The flu virus changes, making it hard to create a vaccine that's effective

CBS News

ST. LOUIS, Mo. – Looking to take 10 days off from work and get paid for it? St. Louis University may be willing to fund your getaway. But there's a catch: You have get sick and stay quarantined at "Hotel Influenza."

The university has converted a 24-room hotel into a research center and is looking to intentionally expose their "guests" to the flu, all for the sake of science, CBS St. Louis reports. The SLU team says the project will help them test new vaccines for the illness.

"Human challenge studies are a way to get a lot of information quicker, with a smaller number of volunteers and less cost than a traditional vaccine study," Dr. Daniel Hoft said in a university news release. He said it's the ideal environment for testing possible universal flu vaccines — a holy grail of influenza research which would offer protection against many different strains of the virus.

To make the challenge more enticing, SLU is offering volunteers $3,500 in exchange for their time and travel to "Hotel Influenza" — officially called the Extended Stay Research Unit. The university adds that the 24 guests will be cared for around the clock by a team of nurses and will have access to TV, internet, and their own private bathrooms.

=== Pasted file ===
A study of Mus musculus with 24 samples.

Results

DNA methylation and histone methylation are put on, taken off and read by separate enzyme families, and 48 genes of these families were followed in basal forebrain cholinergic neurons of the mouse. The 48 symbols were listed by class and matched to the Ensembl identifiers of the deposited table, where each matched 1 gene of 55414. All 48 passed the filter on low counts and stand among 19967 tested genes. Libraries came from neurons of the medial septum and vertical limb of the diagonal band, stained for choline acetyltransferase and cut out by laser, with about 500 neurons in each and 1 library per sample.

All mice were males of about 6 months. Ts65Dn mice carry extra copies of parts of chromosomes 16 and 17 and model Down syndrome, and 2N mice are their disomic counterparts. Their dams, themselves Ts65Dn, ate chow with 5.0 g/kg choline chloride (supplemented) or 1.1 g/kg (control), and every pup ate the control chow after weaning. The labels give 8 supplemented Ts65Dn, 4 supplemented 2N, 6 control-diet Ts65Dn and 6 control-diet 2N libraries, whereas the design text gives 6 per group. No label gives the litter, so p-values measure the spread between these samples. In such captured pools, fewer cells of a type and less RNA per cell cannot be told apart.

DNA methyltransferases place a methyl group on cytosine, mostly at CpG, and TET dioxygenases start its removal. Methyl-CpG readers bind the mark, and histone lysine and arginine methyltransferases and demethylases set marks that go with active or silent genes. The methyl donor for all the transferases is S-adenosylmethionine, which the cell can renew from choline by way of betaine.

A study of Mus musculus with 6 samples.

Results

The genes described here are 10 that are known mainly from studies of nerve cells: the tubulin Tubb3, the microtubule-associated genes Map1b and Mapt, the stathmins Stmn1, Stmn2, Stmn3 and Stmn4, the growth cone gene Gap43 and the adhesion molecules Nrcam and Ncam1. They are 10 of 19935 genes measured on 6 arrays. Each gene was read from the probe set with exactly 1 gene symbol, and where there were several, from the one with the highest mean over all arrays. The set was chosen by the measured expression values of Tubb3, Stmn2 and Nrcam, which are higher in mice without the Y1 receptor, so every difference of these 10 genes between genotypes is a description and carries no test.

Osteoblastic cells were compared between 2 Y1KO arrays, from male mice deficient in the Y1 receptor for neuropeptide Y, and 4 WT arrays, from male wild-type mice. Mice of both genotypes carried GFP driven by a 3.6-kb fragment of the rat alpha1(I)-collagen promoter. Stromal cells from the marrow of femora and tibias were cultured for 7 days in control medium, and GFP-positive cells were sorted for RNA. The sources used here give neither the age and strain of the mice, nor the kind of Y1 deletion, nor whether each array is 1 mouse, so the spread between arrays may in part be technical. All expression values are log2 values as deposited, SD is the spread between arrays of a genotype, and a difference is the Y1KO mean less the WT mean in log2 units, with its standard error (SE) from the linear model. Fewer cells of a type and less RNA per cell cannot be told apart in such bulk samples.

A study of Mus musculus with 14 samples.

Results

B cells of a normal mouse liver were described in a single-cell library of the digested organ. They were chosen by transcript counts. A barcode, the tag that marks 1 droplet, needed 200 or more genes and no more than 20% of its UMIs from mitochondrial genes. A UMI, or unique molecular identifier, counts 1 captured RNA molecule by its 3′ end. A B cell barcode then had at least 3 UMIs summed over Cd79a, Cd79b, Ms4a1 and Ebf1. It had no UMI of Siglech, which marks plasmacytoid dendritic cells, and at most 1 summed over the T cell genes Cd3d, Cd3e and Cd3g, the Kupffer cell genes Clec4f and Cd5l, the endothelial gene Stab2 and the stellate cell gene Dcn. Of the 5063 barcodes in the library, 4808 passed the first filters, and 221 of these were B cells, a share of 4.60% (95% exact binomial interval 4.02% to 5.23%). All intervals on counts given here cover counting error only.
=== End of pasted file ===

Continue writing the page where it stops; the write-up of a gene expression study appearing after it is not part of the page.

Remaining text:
"Common areas with comfy chairs offer spaces to socialize, read or watch TV with picture-window views of the Arch. Catered meals are served," the press release promises.

The study volunteers will be given either a dose of the experimental vaccine or placebo before their stay begins. They will then be infected with a dose of flu virus delivered through a nasal spray. The volunteers will remain quarantined for about 10 days while researchers study the effects of the vaccine. 

"If a challenge trial shows the vaccine protected a small group of volunteers against flu, you can be much more confident the vaccine is more likely to be worth the hundreds of millions of dollars of investment to go through phase 3 development," Hoft said.

The university says it hopes to begin the first pilot program at "Hotel Influenza" by the end of 2018.